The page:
Can I still sue my former NY employer for an injury I suffered 3-3.5 years ago?

Asked over 5 years ago - New York, NY

Slipped, fell and broke my ankle a little over 3 years ago while walking into work. My former employer had not de-iced the parking lot that day and I broke my ankle which required long PT as well as plate and screws (which I still have in there). I received Workers Comp but never sued or consulted a lawyer. I have a horrible scar, continuous swelling and pain sometimes related...is there something I can do???

Attorney answers (3)

  1. Allan A Blank

    Contributor Level 8

    Answered . Unfortunately you do not have an ability to sue for two reasons. First you can't sue your own employer. You made a claim under Worker's Compensation and that is all you are entitled to as far as your employer is concerned. There are some very specific and limited exceptions to this which allow for an employee to sue his or her employer but this would not be one of them. Secondly the Statute of Limitations for this type of claim is three years from the date of occurrence. As your accident happened over three years ago your are barred from bringing a lawsuit even if there were a third party besides your employer who was responsible for the happening of your fall (say a cleaning company hired to keep the premises free of snow and ice).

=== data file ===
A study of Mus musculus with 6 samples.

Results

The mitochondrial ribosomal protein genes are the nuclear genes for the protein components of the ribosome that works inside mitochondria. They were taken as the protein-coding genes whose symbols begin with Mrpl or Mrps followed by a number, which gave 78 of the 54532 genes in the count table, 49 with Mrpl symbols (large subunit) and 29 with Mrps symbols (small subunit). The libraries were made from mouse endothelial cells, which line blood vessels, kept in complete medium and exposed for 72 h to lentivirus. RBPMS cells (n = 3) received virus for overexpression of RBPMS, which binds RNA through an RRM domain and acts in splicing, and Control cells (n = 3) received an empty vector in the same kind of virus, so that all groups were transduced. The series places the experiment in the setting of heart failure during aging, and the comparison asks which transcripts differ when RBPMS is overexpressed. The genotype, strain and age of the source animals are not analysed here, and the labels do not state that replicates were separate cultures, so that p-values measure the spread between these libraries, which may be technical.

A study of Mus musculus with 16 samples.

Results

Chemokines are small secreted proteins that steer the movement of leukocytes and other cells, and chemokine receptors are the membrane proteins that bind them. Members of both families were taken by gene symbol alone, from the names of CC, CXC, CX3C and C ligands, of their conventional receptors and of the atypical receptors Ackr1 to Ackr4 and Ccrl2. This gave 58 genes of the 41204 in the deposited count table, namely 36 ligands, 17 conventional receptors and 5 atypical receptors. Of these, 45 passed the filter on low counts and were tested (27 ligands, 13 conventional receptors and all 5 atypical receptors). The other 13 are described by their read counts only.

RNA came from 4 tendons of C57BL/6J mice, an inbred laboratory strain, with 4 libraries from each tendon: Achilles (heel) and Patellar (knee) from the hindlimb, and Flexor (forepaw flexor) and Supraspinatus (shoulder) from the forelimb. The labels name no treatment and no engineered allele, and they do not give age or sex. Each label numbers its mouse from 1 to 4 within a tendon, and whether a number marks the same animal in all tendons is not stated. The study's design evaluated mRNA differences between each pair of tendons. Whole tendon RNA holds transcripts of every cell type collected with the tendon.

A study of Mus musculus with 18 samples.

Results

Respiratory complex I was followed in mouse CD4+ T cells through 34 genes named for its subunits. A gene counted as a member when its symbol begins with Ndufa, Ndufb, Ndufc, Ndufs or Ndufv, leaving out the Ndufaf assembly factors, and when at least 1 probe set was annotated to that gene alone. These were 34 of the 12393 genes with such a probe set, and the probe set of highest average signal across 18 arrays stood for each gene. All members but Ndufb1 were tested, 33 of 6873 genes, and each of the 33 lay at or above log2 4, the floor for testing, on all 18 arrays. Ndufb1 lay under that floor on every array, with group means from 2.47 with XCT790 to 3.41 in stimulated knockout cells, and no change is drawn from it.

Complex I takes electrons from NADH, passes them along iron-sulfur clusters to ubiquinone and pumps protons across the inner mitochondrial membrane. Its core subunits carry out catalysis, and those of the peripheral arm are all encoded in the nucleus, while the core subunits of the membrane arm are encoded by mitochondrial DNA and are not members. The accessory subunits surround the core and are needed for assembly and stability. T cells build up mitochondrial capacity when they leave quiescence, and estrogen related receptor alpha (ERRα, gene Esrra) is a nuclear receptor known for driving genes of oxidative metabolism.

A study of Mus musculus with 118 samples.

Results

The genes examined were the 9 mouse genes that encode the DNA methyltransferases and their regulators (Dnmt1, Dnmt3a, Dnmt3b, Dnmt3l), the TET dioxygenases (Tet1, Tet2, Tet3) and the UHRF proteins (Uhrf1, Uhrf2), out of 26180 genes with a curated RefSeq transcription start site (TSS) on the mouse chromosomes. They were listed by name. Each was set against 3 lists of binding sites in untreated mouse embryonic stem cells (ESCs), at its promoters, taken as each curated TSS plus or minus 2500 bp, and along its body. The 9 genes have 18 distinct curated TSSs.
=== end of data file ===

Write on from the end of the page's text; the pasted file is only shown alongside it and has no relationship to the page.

2. Michael Howard Joseph

    Contributor Level 13

    Answered . Generaly, you cannot sue your employer if you received workers compensation. However if the property belonged to someone else you may be able to sue the owner. Unfortunately the New York Statute of limitations is 3 years, so unless you were under 18 at the time you are time barred.

  3. Okorie Okorocha

    Contributor Level 19

    Answered . I dont practice in New York, but after so much time, you almost always have to worry about a statute of limitations issue. I would speak to an attorney ASAP and see if the statute of limitations has run first and then see if you have any exceptions.

    My standard disclaimer: I am not offering legal advice, assume I do not know the law in your state and that I am just making suggestions for starting points for when you do speak with an attorney. Do NOT rely on anything I write and contact a lawyer in your area immediately after reading my posting.